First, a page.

Officials with Northreach Society are happy to see the province announce a new app that will aim to help prevent drug overdoses, but they warn that the battle against opioids is far from over.
The province says the Digital Overdose Response System, or DORS, will begin testing this summer in Calgary. It is designed to protect those who use illicit drugs while they’re alone.
Northreach Community-Based Health and STBBI Program Manager Lindsay Loset says a similar app has been used in British Columbia in the recent past and she believes it can help make a difference.
“It sets off an alarm after you use a substance and if you don’t respond to an alarm it will dispatch emergency services, and it also provides information on naloxone and substance use supports,” she explains. “They’ve seen a positive response to it, lots of people using it, and an increase of people using it as it rolls out.”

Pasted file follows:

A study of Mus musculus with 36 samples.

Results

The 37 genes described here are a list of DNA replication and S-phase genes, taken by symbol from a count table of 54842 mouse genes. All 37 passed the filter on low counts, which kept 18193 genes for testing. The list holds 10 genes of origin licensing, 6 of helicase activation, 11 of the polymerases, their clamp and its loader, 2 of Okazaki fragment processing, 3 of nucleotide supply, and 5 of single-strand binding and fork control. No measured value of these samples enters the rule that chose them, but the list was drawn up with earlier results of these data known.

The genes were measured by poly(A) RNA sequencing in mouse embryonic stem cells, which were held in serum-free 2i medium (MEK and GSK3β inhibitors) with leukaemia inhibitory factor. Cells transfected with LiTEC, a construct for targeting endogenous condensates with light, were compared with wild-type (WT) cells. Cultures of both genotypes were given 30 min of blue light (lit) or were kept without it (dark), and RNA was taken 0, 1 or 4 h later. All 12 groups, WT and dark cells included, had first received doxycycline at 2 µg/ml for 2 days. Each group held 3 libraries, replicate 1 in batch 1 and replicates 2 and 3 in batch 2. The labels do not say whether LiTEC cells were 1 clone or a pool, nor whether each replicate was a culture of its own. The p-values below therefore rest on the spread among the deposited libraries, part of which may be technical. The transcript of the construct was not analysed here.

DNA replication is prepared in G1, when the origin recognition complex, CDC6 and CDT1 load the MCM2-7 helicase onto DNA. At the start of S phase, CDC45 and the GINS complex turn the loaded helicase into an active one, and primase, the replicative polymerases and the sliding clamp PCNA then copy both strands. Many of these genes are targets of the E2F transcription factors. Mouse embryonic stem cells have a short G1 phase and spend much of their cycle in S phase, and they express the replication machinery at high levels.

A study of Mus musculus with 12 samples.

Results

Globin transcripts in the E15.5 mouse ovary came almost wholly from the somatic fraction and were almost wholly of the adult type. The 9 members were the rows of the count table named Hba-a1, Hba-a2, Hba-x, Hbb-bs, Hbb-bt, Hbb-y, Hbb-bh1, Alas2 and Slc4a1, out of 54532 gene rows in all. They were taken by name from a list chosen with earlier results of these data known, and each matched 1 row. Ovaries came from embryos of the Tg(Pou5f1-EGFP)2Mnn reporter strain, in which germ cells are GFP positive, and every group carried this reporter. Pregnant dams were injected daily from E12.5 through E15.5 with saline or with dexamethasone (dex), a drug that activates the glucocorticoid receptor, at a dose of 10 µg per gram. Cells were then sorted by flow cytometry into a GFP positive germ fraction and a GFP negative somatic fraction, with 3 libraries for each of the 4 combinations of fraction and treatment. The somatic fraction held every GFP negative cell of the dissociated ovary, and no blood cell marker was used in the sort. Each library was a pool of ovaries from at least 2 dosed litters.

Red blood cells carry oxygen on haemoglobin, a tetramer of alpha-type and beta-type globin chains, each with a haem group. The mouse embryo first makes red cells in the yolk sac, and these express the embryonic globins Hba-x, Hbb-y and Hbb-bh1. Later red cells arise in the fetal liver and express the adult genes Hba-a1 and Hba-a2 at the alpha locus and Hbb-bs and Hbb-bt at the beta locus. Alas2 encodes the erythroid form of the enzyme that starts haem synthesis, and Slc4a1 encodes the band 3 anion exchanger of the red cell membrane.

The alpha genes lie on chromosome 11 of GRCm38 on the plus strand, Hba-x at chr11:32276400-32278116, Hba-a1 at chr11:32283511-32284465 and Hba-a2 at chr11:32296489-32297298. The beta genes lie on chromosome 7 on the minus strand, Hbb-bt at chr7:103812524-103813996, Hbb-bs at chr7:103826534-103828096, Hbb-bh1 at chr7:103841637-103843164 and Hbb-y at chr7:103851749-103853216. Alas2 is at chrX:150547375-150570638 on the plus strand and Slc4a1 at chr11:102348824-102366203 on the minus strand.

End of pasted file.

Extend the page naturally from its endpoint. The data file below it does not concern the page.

However, Loset says the app is only one piece of the puzzle. She says, despite so much open talk about the dangers of opioids, substance use is still stigmatized and often people don’t like to admit or disclose that they might struggle.
She says, in addition to recovery funding and the new app, provincial drug testing could allow for individuals to test their drugs before using.
“People could be taking a substance and have a completely different reaction than expected because their drugs are not what they think they are,” she says. “People have died from a fentanyl overdose when using something like crystal meth or cocaine, and they weren’t expecting fentanyl in there.”
In 2020, data shows 70 per cent of overdose deaths in Alberta happened in private homes, and Associate Minister for Mental Health and Addictions Jason Luan says the new app is meant to change that trend.